17 of 18 people found the following review helpful
Of "Progress Traps" and inflexible thinking,
This review is from: A Short History of Progress (Paperback)
A concise, readable, and punchy description of the manner in which a number of historical societies rendered their way of life obsolete and destroyed themselves by failing to adapt and to think ahead.
He describes as "progress traps" the apparent improvements of technology or culture which are too effective for the survival of the society which deploys them. For example, when hunting societies moved from catching individual animals to wiping out whole herds by driving them over cliffs it gave a short-term bonanza but soon led to the elimination of their food supply.
Particularly powerful is the description of the way the society of Rapa Nui, on what we call Easter Island, destroyed first the local ecology and consequently itself by felling every tree on the island to build the frames to support and move the huge and imposing Moai statues which are the only surviving remnant of their culture. European explorers were to wonder how such giant statues could have been built in such a desolate place: they weren't, it was man who rendered the island a desert in the act of building them.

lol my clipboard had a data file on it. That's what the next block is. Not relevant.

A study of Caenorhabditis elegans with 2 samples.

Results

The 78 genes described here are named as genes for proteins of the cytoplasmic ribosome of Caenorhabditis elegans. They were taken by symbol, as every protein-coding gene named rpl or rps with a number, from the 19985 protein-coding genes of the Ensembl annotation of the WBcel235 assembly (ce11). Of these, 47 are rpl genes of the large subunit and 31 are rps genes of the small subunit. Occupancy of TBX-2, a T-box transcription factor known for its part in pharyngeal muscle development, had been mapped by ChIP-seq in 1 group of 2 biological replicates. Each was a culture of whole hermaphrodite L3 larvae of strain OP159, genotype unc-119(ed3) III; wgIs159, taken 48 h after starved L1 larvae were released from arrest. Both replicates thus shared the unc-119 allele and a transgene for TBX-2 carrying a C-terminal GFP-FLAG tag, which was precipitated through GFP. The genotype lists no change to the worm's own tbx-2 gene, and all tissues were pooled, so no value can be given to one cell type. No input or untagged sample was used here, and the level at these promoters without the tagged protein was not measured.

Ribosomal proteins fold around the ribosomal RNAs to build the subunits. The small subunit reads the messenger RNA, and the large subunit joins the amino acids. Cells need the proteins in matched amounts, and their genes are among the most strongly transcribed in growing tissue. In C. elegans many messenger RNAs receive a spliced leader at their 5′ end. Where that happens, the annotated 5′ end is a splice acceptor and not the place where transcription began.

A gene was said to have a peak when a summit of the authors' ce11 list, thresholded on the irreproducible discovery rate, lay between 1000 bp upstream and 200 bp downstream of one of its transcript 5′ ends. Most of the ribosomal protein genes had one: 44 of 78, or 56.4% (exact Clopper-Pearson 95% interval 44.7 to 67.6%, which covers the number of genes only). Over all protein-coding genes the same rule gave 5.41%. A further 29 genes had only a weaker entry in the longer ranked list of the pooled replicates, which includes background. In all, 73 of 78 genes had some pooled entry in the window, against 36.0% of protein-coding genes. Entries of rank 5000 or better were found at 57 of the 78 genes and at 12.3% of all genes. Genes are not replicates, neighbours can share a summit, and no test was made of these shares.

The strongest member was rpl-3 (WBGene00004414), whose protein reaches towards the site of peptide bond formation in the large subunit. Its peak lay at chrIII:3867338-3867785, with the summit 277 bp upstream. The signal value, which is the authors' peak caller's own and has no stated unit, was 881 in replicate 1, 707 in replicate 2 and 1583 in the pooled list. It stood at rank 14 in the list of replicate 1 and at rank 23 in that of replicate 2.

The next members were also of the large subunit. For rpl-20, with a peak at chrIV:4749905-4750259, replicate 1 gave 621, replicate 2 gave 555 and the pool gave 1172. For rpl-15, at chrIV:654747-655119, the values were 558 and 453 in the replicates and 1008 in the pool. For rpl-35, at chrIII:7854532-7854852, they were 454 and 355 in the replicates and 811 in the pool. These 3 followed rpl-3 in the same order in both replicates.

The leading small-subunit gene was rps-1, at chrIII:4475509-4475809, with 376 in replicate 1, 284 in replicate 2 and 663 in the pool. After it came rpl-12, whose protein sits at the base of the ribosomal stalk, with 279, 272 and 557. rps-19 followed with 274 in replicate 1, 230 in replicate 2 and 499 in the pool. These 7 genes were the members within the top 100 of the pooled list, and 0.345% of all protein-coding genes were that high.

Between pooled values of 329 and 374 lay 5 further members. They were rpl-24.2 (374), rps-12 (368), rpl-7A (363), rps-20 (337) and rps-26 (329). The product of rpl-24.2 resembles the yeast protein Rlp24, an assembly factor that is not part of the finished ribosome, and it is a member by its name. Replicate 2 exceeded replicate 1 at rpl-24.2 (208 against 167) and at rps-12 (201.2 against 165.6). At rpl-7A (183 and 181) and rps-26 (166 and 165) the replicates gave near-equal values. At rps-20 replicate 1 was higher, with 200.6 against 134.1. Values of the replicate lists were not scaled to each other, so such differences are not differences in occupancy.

Perhaps the most depressing part of the book is when Wright quotes some contemporary rulers or critics who actually foresaw the problems which would ultimately bring down their civilisations, but were unable to persuade enough of their fellow rulers or citizens to generate the necessary political will to take effective action. For example, Solon and Pisistratus foresaw the impact which deforestation would have on the ecology and economy of Athens and tried unsuccessfully to halt it, Ovid foresaw some of the problems of Ancient Rome.
We had better pay more heed to some of the warnings of the dangers facing our civilisation than some of their contemporaries did. This book is one such warning.